Blossoms with a Twist

“A flower does not bloom for itself, but for the world. Do likewise.”
Matshona Dhliwayo



Each May here in the low country of South Carolina, our world is enhanced by the beauty and fragrance of budding magnolias. This year I was determined to capture some of these glorious specimens before their ephemeral nature caused them to disappear as always. 



“If you take a flower in your hand and really look at it, it’s your world for a moment.”

Georgia O’Keeffe

Interestingly, one of the challenges we face when shooting magnolias is the local deer population. For some reason deer are prone to chewing the blossoms that are within their reach. They don’t eat them, they just seem to enjoy the chew – much like we humans and gum. Of course, that means most of the remaining blossoms are above the heads of those who, like me, are trying to photograph them.  Fortunately I was able to find several trees with blossoms taller than most of the deer but still within my reach.



“Every flower is a soul blossoming in nature.”

Gerard de Nerval

Creamy white petals, dark green leaves and popping yellow centers make the magnolia blossom a wonderful specimen for the eye or the lens. Sadly though, their beauty is extremely short-lived; based on my completely unscientific observation between 4 to 5 weeks.  Perhaps this is one of the things that makes them so special. 



“Though you watch the petals shrink and change colour, you cannot help treasuring them”

Munia Kahn



“I loved the flowers that die, I loved the charm of the sky.”

Ssantosh Kalwar

Like their human counterparts, aging magnolias have a special quality all their own. Their petals begin to brown, creating an entirely different look – one which I find equally beautiful. Eventually the falling leaves litter the ground beneath them, creating a gentle mulch and a weed barrier, both of which are good for the tree.



“Every flower returns to sleep with the earth.”

Suzy Kassem

While it may look like a new bud, the image above is a magnolia whose leaves have fallen, leaving behind only the blossom’s receptacle.  (So named because it includes many stamens and pistils). Plant experts who study the evolution of flora believe the magnolia to be among the most primitive; some of the oldest fossil flowers discovered are similar to magnolia blossoms.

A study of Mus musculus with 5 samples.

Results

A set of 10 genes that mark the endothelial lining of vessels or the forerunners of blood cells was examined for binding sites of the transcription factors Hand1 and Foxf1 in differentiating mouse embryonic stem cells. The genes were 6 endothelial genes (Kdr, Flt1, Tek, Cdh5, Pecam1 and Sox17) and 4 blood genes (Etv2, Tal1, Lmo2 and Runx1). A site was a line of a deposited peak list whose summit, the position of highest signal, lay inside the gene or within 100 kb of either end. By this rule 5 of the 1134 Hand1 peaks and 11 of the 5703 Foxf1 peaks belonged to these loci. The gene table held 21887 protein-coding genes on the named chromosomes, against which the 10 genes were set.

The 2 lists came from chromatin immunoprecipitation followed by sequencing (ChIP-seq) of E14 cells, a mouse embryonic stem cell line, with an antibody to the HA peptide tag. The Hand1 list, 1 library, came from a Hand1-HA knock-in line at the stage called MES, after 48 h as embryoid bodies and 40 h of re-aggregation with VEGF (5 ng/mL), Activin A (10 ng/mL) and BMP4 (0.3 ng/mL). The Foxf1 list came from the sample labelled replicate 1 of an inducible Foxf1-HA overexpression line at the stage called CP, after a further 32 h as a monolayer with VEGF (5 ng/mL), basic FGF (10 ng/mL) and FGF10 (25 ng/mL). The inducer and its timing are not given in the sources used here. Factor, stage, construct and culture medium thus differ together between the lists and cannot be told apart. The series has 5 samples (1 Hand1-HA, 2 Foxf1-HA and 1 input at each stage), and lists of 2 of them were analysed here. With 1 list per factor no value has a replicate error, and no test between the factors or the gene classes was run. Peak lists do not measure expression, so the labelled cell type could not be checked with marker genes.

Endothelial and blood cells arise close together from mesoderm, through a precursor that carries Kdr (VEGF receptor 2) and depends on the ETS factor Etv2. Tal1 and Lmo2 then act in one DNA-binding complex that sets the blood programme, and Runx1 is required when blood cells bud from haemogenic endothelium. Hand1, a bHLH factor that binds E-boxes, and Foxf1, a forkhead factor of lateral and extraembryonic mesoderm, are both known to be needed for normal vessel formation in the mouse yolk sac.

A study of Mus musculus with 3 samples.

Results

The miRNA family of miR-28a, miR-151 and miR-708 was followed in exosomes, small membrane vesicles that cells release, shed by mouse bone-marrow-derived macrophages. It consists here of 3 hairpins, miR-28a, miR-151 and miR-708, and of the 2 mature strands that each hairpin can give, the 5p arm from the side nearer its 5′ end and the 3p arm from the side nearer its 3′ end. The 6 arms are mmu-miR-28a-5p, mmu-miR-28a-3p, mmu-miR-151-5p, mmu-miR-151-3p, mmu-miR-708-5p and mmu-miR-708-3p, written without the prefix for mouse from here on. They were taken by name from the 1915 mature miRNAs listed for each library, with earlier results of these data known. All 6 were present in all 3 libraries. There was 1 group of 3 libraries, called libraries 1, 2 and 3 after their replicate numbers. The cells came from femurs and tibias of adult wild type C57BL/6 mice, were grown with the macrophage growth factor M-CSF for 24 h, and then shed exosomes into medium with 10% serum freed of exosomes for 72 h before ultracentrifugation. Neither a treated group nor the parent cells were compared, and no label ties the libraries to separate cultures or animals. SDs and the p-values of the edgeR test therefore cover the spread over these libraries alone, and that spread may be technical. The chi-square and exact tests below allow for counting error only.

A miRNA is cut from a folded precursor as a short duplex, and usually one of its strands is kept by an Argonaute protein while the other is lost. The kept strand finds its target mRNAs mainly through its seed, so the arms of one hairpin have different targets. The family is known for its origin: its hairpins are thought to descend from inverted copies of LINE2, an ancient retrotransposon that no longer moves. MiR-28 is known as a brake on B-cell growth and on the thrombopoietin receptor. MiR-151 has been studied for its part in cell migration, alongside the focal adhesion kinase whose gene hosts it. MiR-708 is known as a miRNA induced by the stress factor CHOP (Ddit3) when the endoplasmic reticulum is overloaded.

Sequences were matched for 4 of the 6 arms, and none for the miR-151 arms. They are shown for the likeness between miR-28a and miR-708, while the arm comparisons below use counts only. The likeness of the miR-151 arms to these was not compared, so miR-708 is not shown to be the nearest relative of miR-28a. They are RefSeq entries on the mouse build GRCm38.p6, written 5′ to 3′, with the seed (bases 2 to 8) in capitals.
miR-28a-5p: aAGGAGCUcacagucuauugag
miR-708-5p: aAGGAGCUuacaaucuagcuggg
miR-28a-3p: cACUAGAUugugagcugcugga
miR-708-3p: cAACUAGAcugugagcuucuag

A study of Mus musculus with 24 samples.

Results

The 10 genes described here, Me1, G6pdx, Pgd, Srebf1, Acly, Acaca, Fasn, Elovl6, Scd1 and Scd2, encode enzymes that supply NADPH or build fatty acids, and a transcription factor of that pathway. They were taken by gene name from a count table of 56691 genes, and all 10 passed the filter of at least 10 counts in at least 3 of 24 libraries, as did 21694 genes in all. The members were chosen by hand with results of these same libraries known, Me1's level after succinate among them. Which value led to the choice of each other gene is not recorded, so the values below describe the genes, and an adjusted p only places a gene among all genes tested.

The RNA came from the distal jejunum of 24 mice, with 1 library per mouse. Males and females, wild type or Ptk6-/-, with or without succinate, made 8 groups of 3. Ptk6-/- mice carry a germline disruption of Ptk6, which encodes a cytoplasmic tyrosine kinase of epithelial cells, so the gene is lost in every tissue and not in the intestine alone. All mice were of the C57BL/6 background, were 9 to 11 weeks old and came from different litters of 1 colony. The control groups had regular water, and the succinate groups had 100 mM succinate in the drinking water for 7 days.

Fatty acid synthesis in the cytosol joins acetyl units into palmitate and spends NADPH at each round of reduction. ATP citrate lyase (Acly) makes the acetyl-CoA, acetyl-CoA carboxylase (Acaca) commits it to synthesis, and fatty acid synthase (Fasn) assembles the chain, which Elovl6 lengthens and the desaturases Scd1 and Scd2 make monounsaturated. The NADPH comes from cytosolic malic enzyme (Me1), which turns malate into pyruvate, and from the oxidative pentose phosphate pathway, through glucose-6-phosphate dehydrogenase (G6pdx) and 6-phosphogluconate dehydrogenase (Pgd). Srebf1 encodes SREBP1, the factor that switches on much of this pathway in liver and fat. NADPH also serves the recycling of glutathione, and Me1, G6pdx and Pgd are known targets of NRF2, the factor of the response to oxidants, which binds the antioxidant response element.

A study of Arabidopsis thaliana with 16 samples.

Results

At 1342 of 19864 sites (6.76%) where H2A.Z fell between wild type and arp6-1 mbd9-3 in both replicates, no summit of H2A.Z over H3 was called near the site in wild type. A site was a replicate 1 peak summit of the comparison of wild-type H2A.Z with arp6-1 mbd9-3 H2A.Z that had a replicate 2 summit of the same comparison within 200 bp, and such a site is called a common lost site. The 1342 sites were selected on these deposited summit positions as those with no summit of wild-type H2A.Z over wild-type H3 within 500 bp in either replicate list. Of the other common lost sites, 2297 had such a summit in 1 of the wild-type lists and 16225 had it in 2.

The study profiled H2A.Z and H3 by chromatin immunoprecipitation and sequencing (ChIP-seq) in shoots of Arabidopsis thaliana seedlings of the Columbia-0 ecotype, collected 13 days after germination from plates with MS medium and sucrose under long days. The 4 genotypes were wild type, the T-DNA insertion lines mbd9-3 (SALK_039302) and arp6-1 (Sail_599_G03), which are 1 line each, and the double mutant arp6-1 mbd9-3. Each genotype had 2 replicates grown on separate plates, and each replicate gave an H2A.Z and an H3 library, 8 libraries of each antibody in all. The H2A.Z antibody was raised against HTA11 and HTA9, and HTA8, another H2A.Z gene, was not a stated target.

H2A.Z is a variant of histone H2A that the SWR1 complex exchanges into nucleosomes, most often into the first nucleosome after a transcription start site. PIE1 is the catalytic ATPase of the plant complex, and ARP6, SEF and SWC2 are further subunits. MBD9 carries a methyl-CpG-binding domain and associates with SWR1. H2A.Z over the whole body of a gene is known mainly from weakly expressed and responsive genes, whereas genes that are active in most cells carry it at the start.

Those who know me know that although I treasure and admire a beautiful garden, I am totally inept in that area.  Perhaps that’s one of the reasons I so love the annual appearance of these lovely flowers – Mother Nature grows them all on her own with no help from me or anyone else. As usual, she knows exactly what she’s doing 🙂


WPC: Twisted

76 thoughts on “Blossoms with a Twist

  1. Magnolia blossoms… is there any more definitive representation of the southern United States…. besides Kudzu, that is. >grin< Beautiful photos! Planning a trip to North Carolina in the fall, Asheville area.

    • Kudzu—-ugh!!! Thanks John, we love our magnolias down here. BTW there is a marvelous Chihully exhibit at the Biltmore Mansion this summer. Check it out if u have a chance Sent from my iPhone


  2. These are beautiful and we have a few in our neighborhood, but the California variety isn’t as fragrant. Magnolia is one of my favorite scents (I love the strong florals like plumeria, jasmine and night-blooming jasmine) plus they are all so beautiful for macro photography. Love your quotes, too, Tina. Feel free to link this post on Sunday Stills this Sunday (there is a link-up if you are interested.), “aroma” is the theme to celebrate Memorial Day Weekend. And enjoy your weekend!

  3. These are wonderful Tina! The twists and curves in nature is the most inspiring of all. I love the clarity and detail in your photos.

  4. Amazing magnolia shots, Tina. Lovely to see some of them here, a bit different but crisp shots as usual. 4-5 weeks full bloom is a short time. But I guess they are not shy about putting their best look forward during this time to shine 😊🌼 You sound like you like to garden 😁

  5. Pingback: Twisted – Buttercups | What's (in) the Picture?

  6. Beautiful flowers, Tina! As for beauty in dying flowers, I too think there is, and feel it is somehow more precious than a flower ‘in its prime’.

  7. Lovely magnolia shots, Tina. Didn’t realize that about the deer. No wonder it was always so hard to find good blooms. The composition of Beauty in Beige is quite appealing. Of course, I am imagining some of these in monochrome.

  8. Petals with a twist is my second favourite, but Last Look is stunning, crisp and beautiful.

    Pesky deer.

  9. Stunningly beautiful. I love the magnolia tree for its elegance and gracefulness, as it holds those beautiful flowers high for all to see. It looks like a tree filled with prom wishes, for the are like corsages in the trees.